Two weeks have passed in the new era of Colonial basketball.
Virginia Commonwealth deked the conference by skipping its supposed deadline of May 1, and then announcing it was leaving in the middle of the month. The Rams aren't just leaving, they are getting out of town faster than the Irsays left Baltimore with the Colts for Indianapolis.
VCU will begin play in the Atlantic 10 next year, to be joined by fellow Cinderella story Butler during the 2013-14 season.
Not to be outdone, the other bastion of Colonial basketball, Old Dominion decided it is ready for the big time. The Monarchs will be moving to Conference USA in 2013. The move comes along with a jump in status for the school's football team, one that will make 2011's 10-3 record seem like the good old days.
The loss of the Rams and Monarchs is a big blow. The league can still survive without its main draw, without its best coach, without its seemingly perennial NCAA Tournament participant. It won't be the same though, even if George Mason is still around.
Despite the expansion of the league with the addition of Towson, Drexel, Hofstra and Delaware, the power center has always been in Virginia. Without Virginia Commonwealth and OId Dominion, the league will be running on two cylinders and belching a whole lot of noxious fumes along the way.
No, it isn't long before someone calls the code on the conference The teams that joined this league did so to improve their lot in life. They were getting out of the America East. They were joining a league that offered FCS football prestige and stronger basketball challenges. They just haven't been up to the task in either.
Hofstra cut its football team, and Drexel was the first northern invader to win the regular season conference title since the four joined in 2001. That is 11 years without a true contender, at least one that could last for more than a season at a time. Hofstra has threatened, Drexel too. But none of the four has been strong enough to be thought of on the level of Virginia Commonwealth.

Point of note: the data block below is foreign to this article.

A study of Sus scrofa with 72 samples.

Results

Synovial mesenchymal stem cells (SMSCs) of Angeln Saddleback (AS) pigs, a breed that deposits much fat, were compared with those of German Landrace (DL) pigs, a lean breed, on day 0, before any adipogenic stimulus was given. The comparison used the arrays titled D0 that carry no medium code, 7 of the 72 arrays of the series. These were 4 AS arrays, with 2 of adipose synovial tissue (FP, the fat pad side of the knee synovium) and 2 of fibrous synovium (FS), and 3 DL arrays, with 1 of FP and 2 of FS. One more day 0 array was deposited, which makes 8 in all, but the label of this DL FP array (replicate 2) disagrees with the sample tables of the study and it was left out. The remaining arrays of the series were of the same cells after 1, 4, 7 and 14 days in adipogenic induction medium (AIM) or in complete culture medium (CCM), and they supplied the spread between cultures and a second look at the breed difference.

And the named options for the conference to possibly expand back to its current levels are not going to help much. Grabbing another couple of teams from the America East is just taking leftovers. Boston University and Stony Brook will not help the conference maintain its current profile.
Dipping South into the Southern Conference and potentially stealing Davidson and College of Charleston is a better bet, but there are no guarantees of sustained success there either.
The Colonial is just stuck in a big way, and probably should play a season or two without the two marquis draws and see how it responds before reaching out and picking low-hanging fruit from somewhere else. Only then will it be able to decide on its true identity and where it should be focused for whatever expansion it targets.
As for the Rams, well, you have to admire their gumption. They are passing up a lot of money to make this move, a move that will have them saying goodbye to mid-major status. Oh, you can believe that the Atlantic 10 is a mid-major league if you want. The truth is a lot different.
Since 2000, the Atlantic 10 has averaged almost 3 bids a season. Only in 2002 and 2005 did the league get one invite to the dance. That isn't a mid-major. That is a league that consistently gets the benefit of the doubt when it comes to the strength and quality of its play.
With the addition of Virginia Commonwealth, you can almost guarantee that the league will see at least two bids in 2013. The Rams were to be among the favorites in the Colonial again, and Shaka Smart isn't going to allow them to let up just because the margin for error is greater.
With Butler coming along after next season, you can guarantee the league to have three bids at a minimum for the near future (and if the Big East blows up, that number could go even higher).
This was a bold move by VCU, one that will pay off in the long run, and will have the school forgetting about the $5 million it passed up to make it.
As for the rest of the Colonial, maybe that money the Rams left behind can buy some happiness.